Access to contraception is good health policy

With all eyes on the Supreme Court this week, birth control and its coverage as a preventive benefit for women without a co-pay will once again take center stage in the national conversation. At the heart of this renewed interest is whether the Supreme Court will "grant cert," deeming at least one of three pending contraceptive coverage cases sufficiently important for deliberation and ruling.

Now that the Court has chosen to review two cases, the justices will grapple with the Affordable Care Act's (ACA) provision requiring corporation-sponsored health insurance coverage to include birth control. A central question will be whether the requirement violates that corporation's constitutional religious liberty, and if so, is there a sufficient compelling state interest, such as the well-proven public health benefit of birth control, that should supersede a corporate liberty. While legal and constitutional experts marshal on either side of the debate, the historic achievement of this provision - codifying contraception as routine preventive care and affording millions of women access to birth control without a co-pay - should not be lost in the debate. This may well be the most significant advance for women's health in a generation.


As a former health center CEO and as the current CEO of the National Family Planning & Reproductive Health Association, the national trade association that represents the publicly funded family planning network, I know firsthand the importance of giving patients affordable access to the information, services, prescription drugs, and devices that they think are best for them.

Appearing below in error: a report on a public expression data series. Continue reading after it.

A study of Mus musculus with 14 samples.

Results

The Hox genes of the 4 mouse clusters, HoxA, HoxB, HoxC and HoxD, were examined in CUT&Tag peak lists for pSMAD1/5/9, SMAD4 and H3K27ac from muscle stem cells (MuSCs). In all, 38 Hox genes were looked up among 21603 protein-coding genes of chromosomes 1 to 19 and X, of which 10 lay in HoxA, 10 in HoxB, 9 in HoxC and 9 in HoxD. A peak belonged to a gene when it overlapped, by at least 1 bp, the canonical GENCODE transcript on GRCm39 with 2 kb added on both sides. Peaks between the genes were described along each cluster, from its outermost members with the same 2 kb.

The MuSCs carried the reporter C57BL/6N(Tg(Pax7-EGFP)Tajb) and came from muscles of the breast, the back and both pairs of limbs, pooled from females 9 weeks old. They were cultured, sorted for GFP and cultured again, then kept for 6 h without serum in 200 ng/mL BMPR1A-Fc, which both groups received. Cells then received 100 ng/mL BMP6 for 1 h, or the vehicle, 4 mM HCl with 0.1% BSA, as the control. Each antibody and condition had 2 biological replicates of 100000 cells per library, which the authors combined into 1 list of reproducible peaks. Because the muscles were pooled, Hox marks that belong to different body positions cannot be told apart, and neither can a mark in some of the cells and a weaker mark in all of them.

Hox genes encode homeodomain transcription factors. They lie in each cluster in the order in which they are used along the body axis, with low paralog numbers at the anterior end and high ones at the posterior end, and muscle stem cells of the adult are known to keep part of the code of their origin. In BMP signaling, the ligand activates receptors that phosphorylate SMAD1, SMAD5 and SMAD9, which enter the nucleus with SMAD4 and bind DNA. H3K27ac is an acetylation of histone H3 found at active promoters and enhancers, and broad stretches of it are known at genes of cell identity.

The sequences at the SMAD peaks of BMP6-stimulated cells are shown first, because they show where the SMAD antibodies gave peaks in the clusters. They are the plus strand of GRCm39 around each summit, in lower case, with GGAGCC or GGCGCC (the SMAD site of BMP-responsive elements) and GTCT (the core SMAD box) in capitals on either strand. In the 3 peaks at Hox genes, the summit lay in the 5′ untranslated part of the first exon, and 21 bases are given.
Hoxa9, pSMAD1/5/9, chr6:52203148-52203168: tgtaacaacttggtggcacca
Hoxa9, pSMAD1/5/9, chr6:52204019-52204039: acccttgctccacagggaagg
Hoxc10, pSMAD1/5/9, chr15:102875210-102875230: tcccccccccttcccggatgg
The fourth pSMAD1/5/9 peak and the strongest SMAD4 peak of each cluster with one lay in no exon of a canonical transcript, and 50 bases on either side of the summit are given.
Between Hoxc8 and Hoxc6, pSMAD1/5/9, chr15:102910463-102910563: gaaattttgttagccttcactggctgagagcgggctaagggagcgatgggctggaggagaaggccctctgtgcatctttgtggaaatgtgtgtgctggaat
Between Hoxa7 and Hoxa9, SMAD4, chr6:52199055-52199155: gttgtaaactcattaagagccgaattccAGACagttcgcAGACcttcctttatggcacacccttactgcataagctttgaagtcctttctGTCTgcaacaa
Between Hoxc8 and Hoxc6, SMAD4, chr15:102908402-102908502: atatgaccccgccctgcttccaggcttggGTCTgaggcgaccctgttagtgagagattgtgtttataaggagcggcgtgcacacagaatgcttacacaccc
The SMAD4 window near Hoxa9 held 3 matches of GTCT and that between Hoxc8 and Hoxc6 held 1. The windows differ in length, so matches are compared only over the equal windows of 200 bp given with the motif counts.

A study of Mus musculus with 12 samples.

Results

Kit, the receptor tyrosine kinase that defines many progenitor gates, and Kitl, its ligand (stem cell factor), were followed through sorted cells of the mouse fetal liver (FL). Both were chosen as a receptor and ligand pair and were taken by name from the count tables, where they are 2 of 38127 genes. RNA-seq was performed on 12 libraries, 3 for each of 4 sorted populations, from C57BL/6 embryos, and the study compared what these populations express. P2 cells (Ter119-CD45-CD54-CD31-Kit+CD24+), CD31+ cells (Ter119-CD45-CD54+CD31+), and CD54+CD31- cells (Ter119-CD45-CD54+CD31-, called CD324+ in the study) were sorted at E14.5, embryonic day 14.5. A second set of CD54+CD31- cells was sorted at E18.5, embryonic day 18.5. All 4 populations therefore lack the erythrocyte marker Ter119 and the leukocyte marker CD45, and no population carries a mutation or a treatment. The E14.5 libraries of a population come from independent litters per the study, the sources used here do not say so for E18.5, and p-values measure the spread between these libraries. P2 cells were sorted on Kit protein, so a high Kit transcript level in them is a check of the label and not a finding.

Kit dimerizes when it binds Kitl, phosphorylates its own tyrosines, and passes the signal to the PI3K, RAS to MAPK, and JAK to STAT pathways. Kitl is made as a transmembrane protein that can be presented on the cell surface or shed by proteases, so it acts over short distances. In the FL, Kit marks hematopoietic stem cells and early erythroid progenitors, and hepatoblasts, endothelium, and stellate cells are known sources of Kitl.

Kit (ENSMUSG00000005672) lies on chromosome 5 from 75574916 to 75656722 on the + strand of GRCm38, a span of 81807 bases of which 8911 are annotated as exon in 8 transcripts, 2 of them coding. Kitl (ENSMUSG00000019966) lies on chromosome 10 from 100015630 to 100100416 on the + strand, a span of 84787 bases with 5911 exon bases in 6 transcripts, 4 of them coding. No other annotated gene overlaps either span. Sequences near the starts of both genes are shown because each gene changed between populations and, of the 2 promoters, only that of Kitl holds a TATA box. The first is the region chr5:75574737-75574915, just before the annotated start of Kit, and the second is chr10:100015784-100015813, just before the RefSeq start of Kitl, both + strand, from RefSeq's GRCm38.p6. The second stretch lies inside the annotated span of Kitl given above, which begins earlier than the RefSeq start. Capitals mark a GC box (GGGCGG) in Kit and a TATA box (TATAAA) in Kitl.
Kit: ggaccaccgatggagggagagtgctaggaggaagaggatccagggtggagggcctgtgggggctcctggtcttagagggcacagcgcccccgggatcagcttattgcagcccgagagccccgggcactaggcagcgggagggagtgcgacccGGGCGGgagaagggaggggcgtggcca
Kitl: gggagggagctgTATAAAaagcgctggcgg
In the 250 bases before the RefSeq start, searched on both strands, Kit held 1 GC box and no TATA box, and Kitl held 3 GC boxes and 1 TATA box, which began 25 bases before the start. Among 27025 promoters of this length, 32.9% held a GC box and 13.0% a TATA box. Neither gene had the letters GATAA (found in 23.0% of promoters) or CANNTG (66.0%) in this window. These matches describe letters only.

The need for family planning services and supplies without cost barriers is undeniable. The evidence indisputably shows there are significant health and economic benefits that come with consistent contraceptive use. According to the American Congress of Obstetricians and Gynecologists, "the ability to time and space children reduces fetal, infant, and maternal mortality and morbidity by preventing unintended and high-risk pregnancies." Studies have also shown that women who have access to contraceptive services are more likely to get tested and treated for sexually transmitted diseases and take other preventive health measures. Additionally, women who can plan their families will have a better chance to focus on economic, educational, and social opportunities, and that benefits all of us.

The majority of Americans have health insurance through their jobs. The Labor Department reported in 2010 that people aged 18-44 could have 11 or more jobs in a lifetime, and most people don't have the luxury of refusing an offer of employment because of restrictions in benefits. Contraception is good for public health, and good for the women and men who depend upon it - now that we've knocked down the barrier that cost has been to many women in choosing the best method for them, the Supreme Court should not erect another. Seven in ten Americans believe that insurance companies should be required to cover the cost of birth control. They get it. Now, the Court should stand with the 99 percent of women who have used contraception, the more than 27 million women already benefiting from the provision, and the millions of families that need access to contraceptive services to make responsible decisions for their own health and well-being.

Coleman is president & CEO of the National Family Planning & Reproductive Health Association.